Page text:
We listened in wonderment as a highly educated law student made her case for the complete abolition of the police, all while the unmistakable wail of police sirens echoed in the background. We found ourselves pausing the cameras multiple times, allowing the blare of sirens to subside before resuming our discussion.  Again, few are advocating for the police to be abolished.  However, the debate rages on the amount of funding the police should receive and how those funds should be allocated. 


The American Legislative Exchange Council (ALEC)  America's largest nonpartisan organization of state legislators has crafted model policies focused on reducing crime, with a particular emphasis on addressing violent crime. We have worked with ALEC to amplify their solutions, particularly solutions like ALEC's model policies advocating for the full funding of the police and reduction of violent crime. 


Studying ALEC’s research on model policies reveals an overemphasis by some jurisdictions on such punitive measures as fines, fees, and forfeitures which can erode the crucial relationship between law enforcement and the communities they serve. Fines, fees and forfeitures create a cycle of chaos for the poor and serve as merely a slap on the wrist for the wealthy.   An approach is necessary that prioritizes community engagement and trust-building over punitive measures that disproportionately impact marginalized communities.


As we look to local and federal elections, our ballots will be buzzing about candidates who understand the power of focused deterrence.  Focused deterrence is a common sense strategy that has seen great success in reducing crimes in cities like Boston and Dallas.  Operation Ceasefire in Boston and Dallas's focused deterrence strategy, which demonstrate significant reductions in youth homicides and overall crime rates. These localized and highly collaborative efforts underscore the effectiveness of a community-oriented evidence based approach to reducing crime.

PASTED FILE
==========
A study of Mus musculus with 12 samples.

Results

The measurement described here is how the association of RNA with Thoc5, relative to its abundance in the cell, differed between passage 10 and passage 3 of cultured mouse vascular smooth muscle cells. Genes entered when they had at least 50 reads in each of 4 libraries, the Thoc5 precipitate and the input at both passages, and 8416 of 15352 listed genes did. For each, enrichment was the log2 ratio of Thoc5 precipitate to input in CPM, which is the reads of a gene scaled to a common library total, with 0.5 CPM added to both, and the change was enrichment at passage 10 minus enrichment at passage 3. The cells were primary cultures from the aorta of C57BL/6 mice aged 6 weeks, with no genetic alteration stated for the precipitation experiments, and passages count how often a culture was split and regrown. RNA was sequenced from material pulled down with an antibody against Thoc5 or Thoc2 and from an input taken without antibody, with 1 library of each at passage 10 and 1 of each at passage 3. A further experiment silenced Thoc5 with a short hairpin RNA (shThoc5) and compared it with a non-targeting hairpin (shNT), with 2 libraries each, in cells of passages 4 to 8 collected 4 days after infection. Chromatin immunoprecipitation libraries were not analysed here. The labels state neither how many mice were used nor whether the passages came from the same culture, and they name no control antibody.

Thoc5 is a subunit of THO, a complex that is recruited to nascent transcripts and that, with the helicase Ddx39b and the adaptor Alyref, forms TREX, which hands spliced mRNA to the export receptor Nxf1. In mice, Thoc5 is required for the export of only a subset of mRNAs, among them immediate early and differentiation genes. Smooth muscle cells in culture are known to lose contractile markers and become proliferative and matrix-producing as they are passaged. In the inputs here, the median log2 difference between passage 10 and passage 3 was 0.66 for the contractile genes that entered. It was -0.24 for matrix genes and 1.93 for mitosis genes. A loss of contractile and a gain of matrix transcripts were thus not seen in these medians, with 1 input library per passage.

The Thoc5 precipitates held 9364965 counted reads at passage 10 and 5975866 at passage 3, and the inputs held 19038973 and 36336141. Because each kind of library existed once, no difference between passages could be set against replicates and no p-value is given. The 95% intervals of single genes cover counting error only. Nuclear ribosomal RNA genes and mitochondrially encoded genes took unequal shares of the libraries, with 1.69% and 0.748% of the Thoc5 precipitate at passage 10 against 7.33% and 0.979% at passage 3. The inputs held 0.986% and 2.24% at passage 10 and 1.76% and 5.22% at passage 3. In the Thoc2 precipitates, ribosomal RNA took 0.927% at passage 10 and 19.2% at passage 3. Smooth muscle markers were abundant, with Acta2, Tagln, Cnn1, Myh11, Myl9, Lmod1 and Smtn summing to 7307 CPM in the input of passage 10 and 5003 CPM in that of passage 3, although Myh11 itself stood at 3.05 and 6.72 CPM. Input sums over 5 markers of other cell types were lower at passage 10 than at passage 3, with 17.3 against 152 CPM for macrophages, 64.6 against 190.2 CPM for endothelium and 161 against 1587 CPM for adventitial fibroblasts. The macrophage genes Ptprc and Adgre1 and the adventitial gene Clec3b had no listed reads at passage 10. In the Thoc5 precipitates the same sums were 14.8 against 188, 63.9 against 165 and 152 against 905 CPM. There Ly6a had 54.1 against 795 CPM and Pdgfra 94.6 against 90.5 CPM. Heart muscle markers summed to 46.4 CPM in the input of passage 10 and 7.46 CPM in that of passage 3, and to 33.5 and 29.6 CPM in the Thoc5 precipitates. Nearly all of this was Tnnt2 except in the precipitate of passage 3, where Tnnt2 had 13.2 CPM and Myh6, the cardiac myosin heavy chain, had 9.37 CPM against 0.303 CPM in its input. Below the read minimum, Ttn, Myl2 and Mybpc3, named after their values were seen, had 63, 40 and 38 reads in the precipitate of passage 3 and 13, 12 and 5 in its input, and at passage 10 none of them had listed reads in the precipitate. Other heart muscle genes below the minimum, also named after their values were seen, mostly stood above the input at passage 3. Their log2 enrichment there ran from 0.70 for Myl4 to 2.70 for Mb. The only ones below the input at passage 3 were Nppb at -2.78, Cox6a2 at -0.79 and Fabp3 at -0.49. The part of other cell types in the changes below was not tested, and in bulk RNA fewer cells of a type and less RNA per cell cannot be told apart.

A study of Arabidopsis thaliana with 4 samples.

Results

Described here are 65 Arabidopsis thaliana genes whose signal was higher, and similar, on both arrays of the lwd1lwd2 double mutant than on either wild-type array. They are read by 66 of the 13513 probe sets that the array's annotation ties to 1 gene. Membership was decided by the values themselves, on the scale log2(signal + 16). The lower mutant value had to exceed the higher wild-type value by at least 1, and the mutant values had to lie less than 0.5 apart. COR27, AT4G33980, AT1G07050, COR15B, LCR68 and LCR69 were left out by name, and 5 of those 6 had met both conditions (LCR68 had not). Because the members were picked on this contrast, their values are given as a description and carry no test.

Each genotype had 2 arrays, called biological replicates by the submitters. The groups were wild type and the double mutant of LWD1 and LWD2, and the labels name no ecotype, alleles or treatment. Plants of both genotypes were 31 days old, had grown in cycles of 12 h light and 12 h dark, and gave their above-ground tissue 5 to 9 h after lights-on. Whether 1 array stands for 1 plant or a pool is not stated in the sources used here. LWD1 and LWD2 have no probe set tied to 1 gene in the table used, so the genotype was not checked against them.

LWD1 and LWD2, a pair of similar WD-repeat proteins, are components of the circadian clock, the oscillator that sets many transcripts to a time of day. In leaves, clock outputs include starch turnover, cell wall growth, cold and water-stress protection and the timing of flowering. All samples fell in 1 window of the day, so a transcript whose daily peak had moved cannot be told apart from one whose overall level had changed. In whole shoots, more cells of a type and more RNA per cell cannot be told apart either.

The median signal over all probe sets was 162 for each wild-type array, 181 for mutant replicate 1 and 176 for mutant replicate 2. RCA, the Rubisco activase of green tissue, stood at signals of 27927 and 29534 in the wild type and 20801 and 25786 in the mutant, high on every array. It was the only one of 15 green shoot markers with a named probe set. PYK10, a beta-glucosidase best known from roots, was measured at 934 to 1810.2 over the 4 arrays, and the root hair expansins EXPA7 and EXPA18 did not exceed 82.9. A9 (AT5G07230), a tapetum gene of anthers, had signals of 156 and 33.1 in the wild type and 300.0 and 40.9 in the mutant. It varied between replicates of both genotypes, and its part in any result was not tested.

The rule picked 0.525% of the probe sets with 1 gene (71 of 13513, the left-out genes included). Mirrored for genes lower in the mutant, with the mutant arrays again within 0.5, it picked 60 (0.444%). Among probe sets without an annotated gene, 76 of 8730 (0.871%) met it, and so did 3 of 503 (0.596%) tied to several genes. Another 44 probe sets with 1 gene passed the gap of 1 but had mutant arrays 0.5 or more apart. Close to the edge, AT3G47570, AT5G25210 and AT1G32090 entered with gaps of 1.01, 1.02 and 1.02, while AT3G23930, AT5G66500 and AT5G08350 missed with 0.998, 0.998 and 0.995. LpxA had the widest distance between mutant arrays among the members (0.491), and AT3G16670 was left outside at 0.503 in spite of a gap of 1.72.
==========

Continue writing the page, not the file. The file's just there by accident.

In a resolution on crime strategies, ALEC points to a 2021 study that reveals “that 500 identifiable people in Washington, DC are responsible for 60-70% of all gun violence in the city.”


ALEC's data-driven approach sheds light on the concentrated nature of violent crime, often confined to specific areas and perpetrated by a small segment of the population. This prompts us to advocate for resource allocation that prioritizes specific individuals and areas, aligning with ALEC's call for focused deterrence.  


We would be naive if we didn’t foresee the challenges that will come from a more rigorous police presence in areas of violent high crime.  These areas are often low-income and minority where there is already an erosion of trust between the residents and police forces.  With this truth also comes the importance of community policing.  Better educated police officers, better trained police officers and police officers who come from the communities they serve have produced better results in reducing crime.


The goal is safe communities and we must vote for solutions that are driven by evidence not emotion.  Evidence clearly shows that reducing police budgets does not work.  Evidence shows that increasing police budgets through punitive fines does not work.  The evidence does however show that success comes when police departments concentrate on the small number of residents committing the vast majority of violent crimes.